By Desie Heita
The recent air crash in Swakopmund has jolted the Ministry of Works and Transport to take drastic measures against the small aircraft aviation sector.
The ministry says it would lean hard on operators of small aircraft and on local and foreign trained pilots of small aircraft in order to curb the negative impact on the tourism industry.
“We have come up with several measures to tackle these frequent accidents, one of which is strict inspection of small aircraft. We need to ensure that these aircraft are indeed fit to fly over the Namibian sky,” the ministry’s spokesperson, Julius Ngweda, told New Era.
The Directorate of Civil Aviation, which had in the past received flak for lack of skills, is to be staffed with necessary skills.
Five tourists survived an air crash near Swakopmund this week when a South African pilot tried to crash-land the aircraft following engine failure. The tourists wanted to have a last aerial view of the Sossusvlei Dunes.
The crash is the fourth small aircraft accident since October last year. In all four accidents, six tourists – five Israelis and one Italian – and two pilots were killed, while nine tourists – five Germans, two French, and two American nationals – survived in two separate near-fatal crashes.
“The [frequency of fatal crashes] can have an impact on tourism, especially that in all incidents the victims are tourists,” said Ngweda.
Ngweda said the Ministry is “aware of the speculations that young inexperienced South African trained pilots may be using Namibia as a training ground to boost their flying hours. We are investigating all these reports, as this can easily tarnish the image of our country. Only then will we be able to point it out with certainty,” said Ngweda. Three of the pilots were South African, while the fourth was a young Namibian pilot.
Statistics from the Directorate of Civil Aviation indicate that air incidence occurrences have been on the increase since 2005, half of which are attributed to human error. Incident occurrence refers to all air incidences including non-crashes distress calls, and any incidence during mid-air, take-off and landing.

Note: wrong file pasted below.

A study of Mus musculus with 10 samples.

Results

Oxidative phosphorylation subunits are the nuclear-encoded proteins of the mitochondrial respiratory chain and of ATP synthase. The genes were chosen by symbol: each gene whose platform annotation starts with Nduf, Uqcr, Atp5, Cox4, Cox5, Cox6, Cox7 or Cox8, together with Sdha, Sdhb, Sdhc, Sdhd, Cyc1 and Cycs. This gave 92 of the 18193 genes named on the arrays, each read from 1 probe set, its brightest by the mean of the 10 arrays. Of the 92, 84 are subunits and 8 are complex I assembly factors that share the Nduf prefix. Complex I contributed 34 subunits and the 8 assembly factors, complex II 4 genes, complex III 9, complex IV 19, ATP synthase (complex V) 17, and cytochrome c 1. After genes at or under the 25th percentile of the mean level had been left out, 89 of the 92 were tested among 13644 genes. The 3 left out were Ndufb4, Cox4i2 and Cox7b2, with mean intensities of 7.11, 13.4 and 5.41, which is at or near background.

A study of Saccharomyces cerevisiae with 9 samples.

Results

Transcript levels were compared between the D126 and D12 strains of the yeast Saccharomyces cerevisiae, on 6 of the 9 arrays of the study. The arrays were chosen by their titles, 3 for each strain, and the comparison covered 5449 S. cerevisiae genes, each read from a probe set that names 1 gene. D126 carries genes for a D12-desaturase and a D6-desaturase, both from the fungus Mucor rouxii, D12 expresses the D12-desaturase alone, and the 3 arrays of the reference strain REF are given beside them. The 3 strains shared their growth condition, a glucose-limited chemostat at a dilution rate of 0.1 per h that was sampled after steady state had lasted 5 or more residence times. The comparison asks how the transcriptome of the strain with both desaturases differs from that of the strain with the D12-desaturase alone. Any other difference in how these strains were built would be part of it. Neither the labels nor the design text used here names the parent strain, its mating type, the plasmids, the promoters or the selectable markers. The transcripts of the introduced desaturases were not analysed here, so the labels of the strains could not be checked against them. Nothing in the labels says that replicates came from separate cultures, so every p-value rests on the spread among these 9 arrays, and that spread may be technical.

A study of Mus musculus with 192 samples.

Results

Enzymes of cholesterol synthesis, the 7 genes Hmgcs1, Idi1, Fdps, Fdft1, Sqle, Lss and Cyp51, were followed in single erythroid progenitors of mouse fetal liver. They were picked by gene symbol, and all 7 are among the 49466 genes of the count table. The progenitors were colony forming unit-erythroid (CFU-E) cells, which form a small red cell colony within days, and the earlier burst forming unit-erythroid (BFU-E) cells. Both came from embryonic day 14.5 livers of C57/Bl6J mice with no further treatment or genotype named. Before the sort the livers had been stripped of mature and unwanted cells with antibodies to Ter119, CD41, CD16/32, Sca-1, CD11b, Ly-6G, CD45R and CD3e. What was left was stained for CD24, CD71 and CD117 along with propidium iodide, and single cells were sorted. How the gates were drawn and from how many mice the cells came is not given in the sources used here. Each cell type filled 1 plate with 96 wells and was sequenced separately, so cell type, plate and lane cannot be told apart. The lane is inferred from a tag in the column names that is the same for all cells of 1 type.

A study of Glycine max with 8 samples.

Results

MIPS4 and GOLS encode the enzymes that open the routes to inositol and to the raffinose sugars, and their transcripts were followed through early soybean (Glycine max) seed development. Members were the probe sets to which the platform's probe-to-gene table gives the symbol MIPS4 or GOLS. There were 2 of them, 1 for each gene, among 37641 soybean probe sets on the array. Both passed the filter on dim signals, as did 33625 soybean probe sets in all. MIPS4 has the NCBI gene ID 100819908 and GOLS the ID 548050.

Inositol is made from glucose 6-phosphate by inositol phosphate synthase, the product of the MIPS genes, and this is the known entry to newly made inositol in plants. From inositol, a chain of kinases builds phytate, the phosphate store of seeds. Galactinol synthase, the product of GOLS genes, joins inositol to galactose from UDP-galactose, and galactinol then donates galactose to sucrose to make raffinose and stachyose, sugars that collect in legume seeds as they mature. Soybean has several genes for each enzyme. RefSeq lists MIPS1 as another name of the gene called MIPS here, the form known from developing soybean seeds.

In 2005, there were 78 aircraft incidence occurrences with 37 cases being through human error. The numbers of incidences in 2006 was 83, of which 44 were a result of human error. In 2007, a total of 89 incidences occurrences were registered of which 50 were caused by human fault.
“Most of the occurrences investigated by this directorate so far, revealed that causal factors are primarily as a result of human error,” the Directorate of Civil Aviation had earlier said. Human errors include mismanagement of fuel, not compensating for density altitude, lack of proper training, exceeding the performance limitations of the aircraft, overloading the aircraft, unapproved modification and flying in adverse weather conditions.
Ngweda said the investigations into the four crash accidents are almost complete and the ministry would make all investigation reports public. The investigation report in the latest crash “would be ready in a month’s time”.
The October 22 accident, in which a Namibian pilot and an Italian tourist perished, when a single-engine Beechcraft crashed near the Trade Centre building, east of the airport, after take-off from Eros Airport, is about to be wrapped up.
The January 11 fatal crash in Olympia residential area “is 90 percent complete”. In this accident, the Cessna 210 aircraft crashed east of the airport shortly after take-off for Mokuti Lodge. The 24-year-old South African pilot and five Israeli passengers were killed when the aircraft exploded in flames after the crash.